Ben de Halpert
In a recent biography of Noel Coward, Philip Hoare evokes a man who, whilst irrepressible in private, demanded acceptance in the sobriety of public life.
He was, at once, a maverick and populist, an eccentric and traditionalist, an aesthete and businessman: dazzlingly, flamboyant; unspeakably dull.
This profound ambivalence to class distinction, to the social strata provides much of Relative Values conflict and humour. Theatre company Showdonttell have revived this neglected classic, producing a show packed with reverence and revulsion.
Set in the sitting room of a country manor, the play begins with the news that Nigel, the absent Earl of Marshwood, is engaged to Hollywood starlet, Miranda Frayle.
Smelling New Money, the household is horrified by this ghastly proposal. An indignant maid Moxie, Countess Felicitys personal attendant tenders her resignation.
But Moxie, not known for her capriciousness, soon tells Felicity the truth: Miranda is her estranged sister, and cohabitation would be simply unbearable!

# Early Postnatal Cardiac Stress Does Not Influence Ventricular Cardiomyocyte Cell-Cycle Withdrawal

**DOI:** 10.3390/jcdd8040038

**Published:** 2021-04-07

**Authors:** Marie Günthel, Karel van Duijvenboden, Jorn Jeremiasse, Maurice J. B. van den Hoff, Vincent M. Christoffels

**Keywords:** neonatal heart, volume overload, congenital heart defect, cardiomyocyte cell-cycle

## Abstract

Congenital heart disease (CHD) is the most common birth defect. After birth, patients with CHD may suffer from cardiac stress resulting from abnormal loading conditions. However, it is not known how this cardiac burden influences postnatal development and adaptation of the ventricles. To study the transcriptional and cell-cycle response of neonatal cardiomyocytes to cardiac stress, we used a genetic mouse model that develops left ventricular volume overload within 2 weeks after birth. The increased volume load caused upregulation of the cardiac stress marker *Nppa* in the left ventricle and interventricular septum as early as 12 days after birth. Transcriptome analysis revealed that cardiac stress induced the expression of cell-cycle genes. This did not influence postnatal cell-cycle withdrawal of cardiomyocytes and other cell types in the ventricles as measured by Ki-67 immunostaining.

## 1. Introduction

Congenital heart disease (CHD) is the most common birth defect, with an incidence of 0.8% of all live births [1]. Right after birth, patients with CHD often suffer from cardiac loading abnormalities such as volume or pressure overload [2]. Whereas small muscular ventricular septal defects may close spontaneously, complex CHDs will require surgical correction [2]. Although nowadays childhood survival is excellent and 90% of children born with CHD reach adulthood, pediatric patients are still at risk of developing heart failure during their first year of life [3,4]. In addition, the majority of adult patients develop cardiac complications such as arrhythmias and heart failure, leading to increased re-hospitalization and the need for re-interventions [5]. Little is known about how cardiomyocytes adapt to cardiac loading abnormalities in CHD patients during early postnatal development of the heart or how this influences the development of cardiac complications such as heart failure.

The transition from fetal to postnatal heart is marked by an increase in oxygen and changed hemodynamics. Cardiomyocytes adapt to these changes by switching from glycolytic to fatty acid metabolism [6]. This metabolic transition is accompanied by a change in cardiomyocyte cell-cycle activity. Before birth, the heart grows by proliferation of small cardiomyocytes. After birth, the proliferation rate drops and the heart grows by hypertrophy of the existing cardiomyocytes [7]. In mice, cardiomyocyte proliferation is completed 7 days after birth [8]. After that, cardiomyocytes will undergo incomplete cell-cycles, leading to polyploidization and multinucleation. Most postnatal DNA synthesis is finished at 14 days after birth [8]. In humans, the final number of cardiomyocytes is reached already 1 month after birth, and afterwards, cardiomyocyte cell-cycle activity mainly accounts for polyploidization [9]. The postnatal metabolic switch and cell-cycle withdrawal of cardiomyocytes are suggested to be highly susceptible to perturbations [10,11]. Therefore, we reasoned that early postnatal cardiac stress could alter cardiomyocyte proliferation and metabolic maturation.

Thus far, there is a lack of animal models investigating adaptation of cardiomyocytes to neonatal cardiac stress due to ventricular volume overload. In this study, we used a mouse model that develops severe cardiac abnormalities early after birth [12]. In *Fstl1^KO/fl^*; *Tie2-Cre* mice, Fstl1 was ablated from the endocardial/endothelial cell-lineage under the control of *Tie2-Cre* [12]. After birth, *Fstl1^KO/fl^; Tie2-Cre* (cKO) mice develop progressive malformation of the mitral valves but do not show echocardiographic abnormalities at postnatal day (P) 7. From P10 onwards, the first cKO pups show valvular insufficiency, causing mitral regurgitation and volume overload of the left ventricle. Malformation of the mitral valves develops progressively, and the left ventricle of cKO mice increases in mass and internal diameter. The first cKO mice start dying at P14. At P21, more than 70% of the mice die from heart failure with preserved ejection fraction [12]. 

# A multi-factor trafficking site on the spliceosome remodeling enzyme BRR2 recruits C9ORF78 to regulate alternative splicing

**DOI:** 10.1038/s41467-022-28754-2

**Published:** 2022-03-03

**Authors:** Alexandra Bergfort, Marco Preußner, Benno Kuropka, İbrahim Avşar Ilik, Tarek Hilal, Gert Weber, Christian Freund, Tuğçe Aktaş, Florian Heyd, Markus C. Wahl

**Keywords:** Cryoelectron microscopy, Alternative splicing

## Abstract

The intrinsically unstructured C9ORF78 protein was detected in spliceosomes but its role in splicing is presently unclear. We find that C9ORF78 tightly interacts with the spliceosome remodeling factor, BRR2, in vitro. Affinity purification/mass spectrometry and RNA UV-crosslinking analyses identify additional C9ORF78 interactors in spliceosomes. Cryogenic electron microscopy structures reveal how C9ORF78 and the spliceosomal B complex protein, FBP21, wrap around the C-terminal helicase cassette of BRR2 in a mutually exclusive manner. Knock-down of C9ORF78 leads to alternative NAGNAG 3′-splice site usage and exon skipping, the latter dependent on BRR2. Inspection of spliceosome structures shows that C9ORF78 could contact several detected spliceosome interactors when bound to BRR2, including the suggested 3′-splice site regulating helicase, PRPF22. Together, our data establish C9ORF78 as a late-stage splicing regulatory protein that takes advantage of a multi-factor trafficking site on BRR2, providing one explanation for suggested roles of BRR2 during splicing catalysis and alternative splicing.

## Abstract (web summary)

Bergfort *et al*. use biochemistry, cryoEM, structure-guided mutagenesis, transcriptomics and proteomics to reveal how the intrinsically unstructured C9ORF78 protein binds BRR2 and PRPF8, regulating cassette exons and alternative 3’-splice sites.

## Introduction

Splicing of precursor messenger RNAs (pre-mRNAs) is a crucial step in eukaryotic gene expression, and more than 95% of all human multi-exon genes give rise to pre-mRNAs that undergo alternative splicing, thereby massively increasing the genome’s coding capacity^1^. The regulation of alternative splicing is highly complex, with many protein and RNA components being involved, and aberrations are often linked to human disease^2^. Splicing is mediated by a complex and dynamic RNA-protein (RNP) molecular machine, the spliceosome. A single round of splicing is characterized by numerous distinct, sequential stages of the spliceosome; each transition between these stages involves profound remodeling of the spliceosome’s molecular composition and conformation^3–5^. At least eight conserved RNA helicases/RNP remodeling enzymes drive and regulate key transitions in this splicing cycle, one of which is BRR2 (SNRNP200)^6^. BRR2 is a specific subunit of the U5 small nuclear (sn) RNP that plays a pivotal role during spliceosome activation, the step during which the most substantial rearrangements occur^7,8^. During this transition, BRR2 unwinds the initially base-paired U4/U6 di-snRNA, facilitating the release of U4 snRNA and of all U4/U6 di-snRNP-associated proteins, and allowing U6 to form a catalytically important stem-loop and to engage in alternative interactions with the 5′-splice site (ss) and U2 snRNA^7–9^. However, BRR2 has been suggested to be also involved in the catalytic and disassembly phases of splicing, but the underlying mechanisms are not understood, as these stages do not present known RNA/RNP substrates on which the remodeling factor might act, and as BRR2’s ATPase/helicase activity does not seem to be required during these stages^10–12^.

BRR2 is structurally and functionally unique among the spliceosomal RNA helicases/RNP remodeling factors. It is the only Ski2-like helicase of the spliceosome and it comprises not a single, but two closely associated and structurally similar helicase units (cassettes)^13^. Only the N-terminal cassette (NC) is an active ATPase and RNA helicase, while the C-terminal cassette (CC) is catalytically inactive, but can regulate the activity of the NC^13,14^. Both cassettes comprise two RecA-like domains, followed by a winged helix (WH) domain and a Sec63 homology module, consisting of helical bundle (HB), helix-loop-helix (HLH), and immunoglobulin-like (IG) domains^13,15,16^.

What follows is a hodgepodge of deceit and desperation, as the family tenuously attempt to compensate for Moxies presence without turning her out on the street.
Showdonttell have done a fine job. Karen Graham is perfectly saccharine as Miranda; her counterweight, Moxie played here by Wendy Albiston is at her best when shouting, which is rather often.
Two performances stand out: Simon Money proves a laudable Peter Ingleton, delivered with bags of gin-soaked whimsy; and despite the one or two occasions where she tripped over her accent, Brigid Lohreys Felicity is a razor-sharp wit.
There were further opportunities to stumble, however. The set was a little too cluttered, sending props flying on more than one occasion; projectiles aside, the design fittingly presented a stuffy, moribund upper class the stage dress appropriate, satisfactory, functional.
Speaking of status anxiety and the shock of the new – of a dubious meritocracy facing the ultimate challenge of celebrity – the most pleasing aspect of Relative Values is the utter modernity of it all.
After all, Cowards play is fifty years old, and still attracts the sincerest guffaws. Subtle and peculiar, the type of humour is telling: perhaps the caste system is alive and well; perhaps Maggie was wrong when she tried to claim otherwise.